Indonesia Still Not Sharing Virus Samples for Avian Flu Vaccines

Despite agreeing to share viruses with the World Health Organization (WHO) in March, Indonesia -- the nation with the highest rates of infection and death from highly pathogenic avian influenza -- still has not done so.

All countries except Indonesia are sharing human samples of the H5N1 avian flu virus with the WHO Global Influenza Surveillance Network so experts can assess the risk that a viral strain might mutate to pass easily from person to person and so diagnostic tests and vaccines can be developed.

By not sharing viruses, said Dr. David Heymann, WHO assistant director-general for communicable diseases, during an August 6 press briefing, Indonesia is "putting in danger its own population, because if those viruses are not freely shared with industry, vaccines will not contain the elements of the Indonesia infection."

This also puts the world's public health security at risk, he said.

On July 11, Indonesia confirmed its 102nd human case of avian flu in a 6-year-old girl from Banten. So far, WHO has confirmed that 81 people have died there from the virus. Around the world, since 2003, 319 people have fallen ill from H5N1, and 192 have died. (See related article.)

Heymann was reporting on the results of a five-day meeting in Singapore, where representatives of 24 countries met beginning July 31 to discuss issues related to virus sharing and equitable distribution of vaccines among rich and poor nations.


Singapore was the first meeting in that process; the next meeting will be held in Geneva in early November. The end-point of the process should be the 61st World Health Assembly, to be held in May 2008.

Under the resolution, a new stockpile of H5N1 vaccine has been established, initially containing 50 million doses donated by GlaxoSmithKline. WHO Director-General Margaret Chan was asked to develop a mechanism for benefit sharing among countries, and the stockpile is part of that effort. The director-general also will commission a report on intellectual property relating to virus ownership.

"WHO is now working to determine the mechanism that will govern this vaccine and make sure that it's equally distributed around the world to countries in need," Heymann said.

Stockpiling is a short-term benefit-sharing mechanism. In the medium and long term, developing countries have asked for a transfer of technology so they can produce vaccines in their own countries.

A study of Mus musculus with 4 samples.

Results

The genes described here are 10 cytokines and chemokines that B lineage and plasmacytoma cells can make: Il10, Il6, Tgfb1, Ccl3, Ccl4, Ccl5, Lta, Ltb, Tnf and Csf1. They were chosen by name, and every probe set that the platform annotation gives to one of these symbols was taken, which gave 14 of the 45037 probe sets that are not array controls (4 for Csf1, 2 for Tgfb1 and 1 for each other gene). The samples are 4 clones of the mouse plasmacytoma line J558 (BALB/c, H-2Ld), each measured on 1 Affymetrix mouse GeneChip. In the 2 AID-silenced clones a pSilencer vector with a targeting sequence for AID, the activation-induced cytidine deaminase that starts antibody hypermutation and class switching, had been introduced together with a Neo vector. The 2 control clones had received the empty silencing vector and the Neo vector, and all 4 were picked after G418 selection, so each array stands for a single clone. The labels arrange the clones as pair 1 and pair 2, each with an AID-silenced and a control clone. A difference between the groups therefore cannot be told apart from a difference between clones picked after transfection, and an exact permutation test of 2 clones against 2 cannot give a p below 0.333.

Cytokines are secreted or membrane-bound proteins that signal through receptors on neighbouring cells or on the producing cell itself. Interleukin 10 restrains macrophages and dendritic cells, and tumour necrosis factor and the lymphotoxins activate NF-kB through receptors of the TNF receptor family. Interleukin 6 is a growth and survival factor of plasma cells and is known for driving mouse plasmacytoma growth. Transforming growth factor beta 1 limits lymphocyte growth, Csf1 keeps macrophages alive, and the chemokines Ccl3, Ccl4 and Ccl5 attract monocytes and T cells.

WHO has given grants to six developing countries to transfer vaccine production technology using resources provided by the United States, Japan, Canada and the Asian Development Bank.


In the United States, a team of scientists at the National Institute of Allergy and Infectious Diseases (NIAID), part of the National Institutes of Health, and a collaborator at Emory University School of Medicine in Georgia are preparing vaccines and drugs that could target predicted H5N1 mutants before the viruses evolve naturally.

"While nobody knows if and when H5N1 will jump from birds to humans, [the team has] come up with a way to anticipate how that jump might occur and ways to respond to it," said NIH Director Elias Zerhouni, in an August 9 statement.

Making a vaccine against an H5N1 strain or another flu virus is fairly routine. Samples of flu virus strains are isolated and then grown in eggs or cell cultures. The virus then is collected, inactivated, purified and added to the other components of the vaccine.

A flu shot prompts a person's immune system to detect pieces of the inactivated virus in the vaccine and make neutralizing antibodies against them. Later, if the same person is exposed to a flu virus, the antibodies should help fight the infection.

But flu viruses constantly mutate and vaccines are most effective against the specific strains from which they are made. That makes it difficult to predict how effective a vaccine made today will be against a virus that emerges tomorrow.


Led by Dr. Gary Nabel, director of NIAID's Vaccine Research Center, the team focused on mutations that let H5N1 bird viruses more easily recognize and enter human cells.

Bird-adapted H5N1 binds to places on the bird cell called surface receptors. These receptors differ slightly from the receptors on human cells, which is partly why bird-adapted H5N1 can infect but not spread easily among people.

The team found that the mutations change how the immune system recognizes the virus and used this knowledge to create vaccines and isolate new antibodies that might be used against human-adapted virus mutations.

They vaccinated mice with the material from viruses they altered to contain the mutations and discovered one antibody that could neutralize the bird- and the human-adapted forms of an H5N1 virus.

"This research could possibly help to contain a pandemic early on," said NIAID Director Anthony Fauci.